No One Should Travel Alone

 In The Tide

“Lonely? You’re not alone. America’s young people are suffering from a lack of meaningful connection”

At Springtide, we believe no young person should have to navigate life’s important questions alone.

Yet alone is how many young people experience themselves. Alone is how they feel.

The data confirms that many of America’s young people are lonely, isolated, and starved for community even as they drown in a sea of connections. A recent study on loneliness notes that Gen Z, those born between the mid-1990s and early 2000s, are not only the most isolated generation in America today, they are among the loneliest that has ever been tracked.

“Of all age groups, Generation Z—anyone ranging in age from 18 to 22—seems to be particularly impacted,” reports the NBC News webpage Link of study findings by Cigna. “According to the study, Gen Z is significantly more likely than any other age group to say that they experience feelings that are associated with loneliness; 68 percent said they feel like ‘no one really knows them well.’ Cigna gave Gen Z a ‘loneliness’ score of 48.3 out of 80. This is in contrast to the so-called Greatest Generation—people over 72—which has the lowest loneliness score of 38.6 (also out of 80).”

This sense of isolation comes with serious health and well-being consequences that impact our entire society. Advisory Board, which shares health care best practices with industry, reports:

Decades of research substantiate the devastating effects of social isolation. Loneliness is equivalent to smoking 15 cigarettes a day and increases the risk of death by 26–45%, which is on par with risk factors such as high blood pressure, obesity, and lack of exercise.” A recent article in America Magazine reports: “In an especially alarming trend, the incidence of at least one major depressive episode per year among adolescents has risen by almost two-thirds over the past decade to reach 13.3 percent. Because many who experience mental health difficulties as adults first show symptoms during this developmental period, the World Health Organization lists mental health in adolescence as a top global health priority.

Advisory Board

Amidst this paradox of connection and isolation, young people are longing for real, authentic, meaningful relationships but feel like they are on their own as they work to realize a sense of personal identity, meaning, and purpose. They continue to desire meaningful relationships with peers and adults, and wish to gather with others to celebrate common beliefs.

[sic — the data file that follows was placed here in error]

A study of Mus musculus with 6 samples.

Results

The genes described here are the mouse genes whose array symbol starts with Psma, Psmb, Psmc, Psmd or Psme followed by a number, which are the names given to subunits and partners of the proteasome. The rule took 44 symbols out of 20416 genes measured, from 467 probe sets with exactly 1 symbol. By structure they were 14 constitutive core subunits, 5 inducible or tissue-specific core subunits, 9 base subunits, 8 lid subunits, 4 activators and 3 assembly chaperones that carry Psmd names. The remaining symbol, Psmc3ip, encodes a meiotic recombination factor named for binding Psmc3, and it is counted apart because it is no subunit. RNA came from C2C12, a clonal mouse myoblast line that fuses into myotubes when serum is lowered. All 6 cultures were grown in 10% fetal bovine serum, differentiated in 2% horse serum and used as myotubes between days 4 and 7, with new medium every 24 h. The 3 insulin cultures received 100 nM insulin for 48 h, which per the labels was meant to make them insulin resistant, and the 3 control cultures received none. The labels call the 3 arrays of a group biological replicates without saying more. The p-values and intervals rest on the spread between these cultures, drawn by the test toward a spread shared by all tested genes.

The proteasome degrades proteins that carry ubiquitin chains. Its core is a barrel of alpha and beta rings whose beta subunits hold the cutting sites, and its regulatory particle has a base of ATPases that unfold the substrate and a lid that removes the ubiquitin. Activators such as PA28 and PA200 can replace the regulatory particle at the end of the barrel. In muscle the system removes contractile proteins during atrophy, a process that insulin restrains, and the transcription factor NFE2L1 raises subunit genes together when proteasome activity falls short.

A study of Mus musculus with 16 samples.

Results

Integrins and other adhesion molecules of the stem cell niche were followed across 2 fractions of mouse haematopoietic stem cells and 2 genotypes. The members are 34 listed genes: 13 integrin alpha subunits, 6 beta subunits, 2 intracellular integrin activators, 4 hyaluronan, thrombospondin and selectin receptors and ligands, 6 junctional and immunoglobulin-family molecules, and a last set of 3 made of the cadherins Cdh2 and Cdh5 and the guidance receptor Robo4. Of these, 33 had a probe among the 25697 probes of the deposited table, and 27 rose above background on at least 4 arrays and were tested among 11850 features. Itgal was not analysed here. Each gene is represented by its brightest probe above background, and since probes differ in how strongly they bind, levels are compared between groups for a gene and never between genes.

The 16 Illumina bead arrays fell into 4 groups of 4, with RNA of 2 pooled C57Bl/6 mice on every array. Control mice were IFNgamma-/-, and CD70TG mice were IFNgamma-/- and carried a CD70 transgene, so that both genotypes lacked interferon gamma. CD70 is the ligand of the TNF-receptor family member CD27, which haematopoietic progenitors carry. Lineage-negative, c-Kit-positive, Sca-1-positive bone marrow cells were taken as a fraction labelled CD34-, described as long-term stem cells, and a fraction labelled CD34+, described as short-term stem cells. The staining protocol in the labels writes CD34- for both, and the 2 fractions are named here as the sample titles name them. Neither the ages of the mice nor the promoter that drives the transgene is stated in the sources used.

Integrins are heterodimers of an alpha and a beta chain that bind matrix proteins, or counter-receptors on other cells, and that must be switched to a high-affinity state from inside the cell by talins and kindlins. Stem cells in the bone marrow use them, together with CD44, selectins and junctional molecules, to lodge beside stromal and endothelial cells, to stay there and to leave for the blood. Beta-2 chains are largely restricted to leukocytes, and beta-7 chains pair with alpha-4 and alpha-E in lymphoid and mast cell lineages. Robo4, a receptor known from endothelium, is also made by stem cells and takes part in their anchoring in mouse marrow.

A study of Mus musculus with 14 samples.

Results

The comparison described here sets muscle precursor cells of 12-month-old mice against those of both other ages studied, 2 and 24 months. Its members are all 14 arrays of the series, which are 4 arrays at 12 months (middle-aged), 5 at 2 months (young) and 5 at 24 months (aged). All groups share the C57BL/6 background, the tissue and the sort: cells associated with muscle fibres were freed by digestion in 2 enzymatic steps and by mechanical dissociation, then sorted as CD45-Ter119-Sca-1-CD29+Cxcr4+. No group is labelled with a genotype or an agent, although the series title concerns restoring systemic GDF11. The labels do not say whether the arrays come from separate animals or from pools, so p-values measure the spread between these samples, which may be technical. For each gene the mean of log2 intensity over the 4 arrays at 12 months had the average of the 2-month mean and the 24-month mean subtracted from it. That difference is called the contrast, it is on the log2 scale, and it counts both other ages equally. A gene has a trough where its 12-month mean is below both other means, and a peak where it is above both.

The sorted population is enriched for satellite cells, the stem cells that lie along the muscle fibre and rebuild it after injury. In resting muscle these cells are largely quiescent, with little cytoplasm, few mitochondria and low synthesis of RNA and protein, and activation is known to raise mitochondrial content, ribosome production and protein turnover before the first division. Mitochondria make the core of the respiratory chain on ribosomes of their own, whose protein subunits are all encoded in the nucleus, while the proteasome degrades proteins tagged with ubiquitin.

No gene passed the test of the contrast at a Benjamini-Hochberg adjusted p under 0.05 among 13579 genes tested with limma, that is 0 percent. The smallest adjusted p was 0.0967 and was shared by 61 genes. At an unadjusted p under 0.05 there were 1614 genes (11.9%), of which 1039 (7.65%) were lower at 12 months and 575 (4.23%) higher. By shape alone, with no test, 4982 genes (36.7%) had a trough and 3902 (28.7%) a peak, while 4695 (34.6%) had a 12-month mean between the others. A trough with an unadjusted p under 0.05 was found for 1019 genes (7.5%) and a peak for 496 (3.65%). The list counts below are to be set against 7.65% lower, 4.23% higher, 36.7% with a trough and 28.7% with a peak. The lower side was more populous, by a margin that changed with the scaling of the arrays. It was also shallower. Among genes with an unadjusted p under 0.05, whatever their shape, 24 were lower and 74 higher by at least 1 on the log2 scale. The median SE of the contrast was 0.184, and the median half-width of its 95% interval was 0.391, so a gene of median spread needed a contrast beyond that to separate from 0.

Those instincts for connection—those longings for belonging—are well supported by science. A summary of the report from Cigna states

  • People who engage in frequent meaningful in-person interactions have much lower loneliness scores and report better health than those who rarely interact with others face-to-face.
  • Getting the right balance of sleep, work, socializing with friends, family and “me time” is connected to lower loneliness scores. However, balance is critical, as those who get too little or too much of these activities have higher loneliness scores.

Frustratingly, while young people feel ever more isolated, there is also an abundance of well-meaning adults, organizations and institutions longing for nothing more than to connect with young people, to form lasting, meaningful relationships and help them figure out what is most important in their lives.

As our institutions have crumbled, our responses have faltered. The traditional tools of community building and placemaking are proving ineffective, and the result is that young people are growing up disconnected from each other, social and religious institutions, and the world around them.

Guided by cutting-edge research and social science life-course theory, we know that fostering conversations with a young person at age 14 leads to building pathways and patterns that result in deeper, more meaningful conversations throughout those teen and young adult years, and establishes a framework for development that results in a more engaged, connected and meaningful life.

At Springtide Research Institute, we believe no young person should have to navigate life’s important questions alone. And while our goal is to provide impactful, actionable data—both quantitative and qualitative—about the religious longings of young people; and as we report on individuals and organizations that are making a difference in those lives by providing communities and connections of support, we recognize that an adequate response will neither begin nor end with us.

It will begin and end with you.

Connect or reconnect with the young people in your life today. Listen well to their stories, accompany them on their pilgrimage through adolescence and into adulthood.

Gandhi encourages us, “Be the change you wish to see in the world.” Let us likewise encourage one another: Be the presence a young person might just need as he or she navigates life’s most important questions, no longer alone, but in the company of fellow pilgrims and friends.